The proliferation of tattooing in American life has led to its seeming legitimization, as evidenced in the media through shows like “Miami Ink.” Or perhaps the appearance of tattoos in various cultural conduits—sports, cinema, etc.—has led to their mainstream adoption? Whichever the direction of this cause and effect, it would be difficult to find someone who hasn’t, at some point, wandered into a tattoo shop and flipped through books or perused display posters while contemplating that impromptu commitment to permanence.
“Freaks & Flash” examines the artwork of tattoos as Western folk art. Tattoo flash (the aforementioned design drawings), acetate stencils (used for transferring designs to skin) and sideshow banners advertising tattooed performers combine to chart a visual history of early- to mid-twentieth-century tattoo art. From delicate watercolors of Asian-inspired dragons and tigers from the turn-of-the-century to examples of 1940s wartime political incorrectness, “Freaks & Flash” examines the lineage of tattoo motifs that has shaped our current visual vocabulary on skin.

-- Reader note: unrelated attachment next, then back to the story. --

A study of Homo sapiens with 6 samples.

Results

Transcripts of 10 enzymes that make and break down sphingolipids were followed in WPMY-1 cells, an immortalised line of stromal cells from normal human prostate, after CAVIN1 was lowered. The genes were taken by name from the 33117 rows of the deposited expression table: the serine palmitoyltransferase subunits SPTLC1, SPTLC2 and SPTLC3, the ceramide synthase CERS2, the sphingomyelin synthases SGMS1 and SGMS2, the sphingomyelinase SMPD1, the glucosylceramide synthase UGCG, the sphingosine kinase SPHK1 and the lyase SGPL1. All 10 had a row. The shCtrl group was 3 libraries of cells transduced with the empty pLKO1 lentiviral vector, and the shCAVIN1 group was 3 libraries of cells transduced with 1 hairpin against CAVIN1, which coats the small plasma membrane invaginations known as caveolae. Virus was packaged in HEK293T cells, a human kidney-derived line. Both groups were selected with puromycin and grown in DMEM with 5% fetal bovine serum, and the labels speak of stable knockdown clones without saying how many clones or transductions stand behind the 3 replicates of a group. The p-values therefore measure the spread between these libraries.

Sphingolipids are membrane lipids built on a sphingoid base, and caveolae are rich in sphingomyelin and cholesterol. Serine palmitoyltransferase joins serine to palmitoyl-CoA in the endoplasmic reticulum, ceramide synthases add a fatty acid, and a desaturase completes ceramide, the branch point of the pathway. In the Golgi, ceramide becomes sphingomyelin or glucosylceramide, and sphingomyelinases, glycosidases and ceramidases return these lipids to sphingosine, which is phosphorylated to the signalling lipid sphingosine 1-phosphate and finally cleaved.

This focus on the illustrative history of tattoo flash isolates the art object—the drawings—from the human subject, a distinction that lends itself to the show’s success. Illustrated ideas exist independent of human skin with the exception of the sideshow banners, which showcase tattoo illustrations twice removed. The curatorial decision to chart design history and evolution sans skin elevates tattoo flash to a genre on par with, if not above, ink-in-skin tattoos. “Freaks & Flash” presents the design history of body art as a cohesive body of art. (Justin Natale)
Through January 9 at Intuit, 756 N. Milwaukee Ave.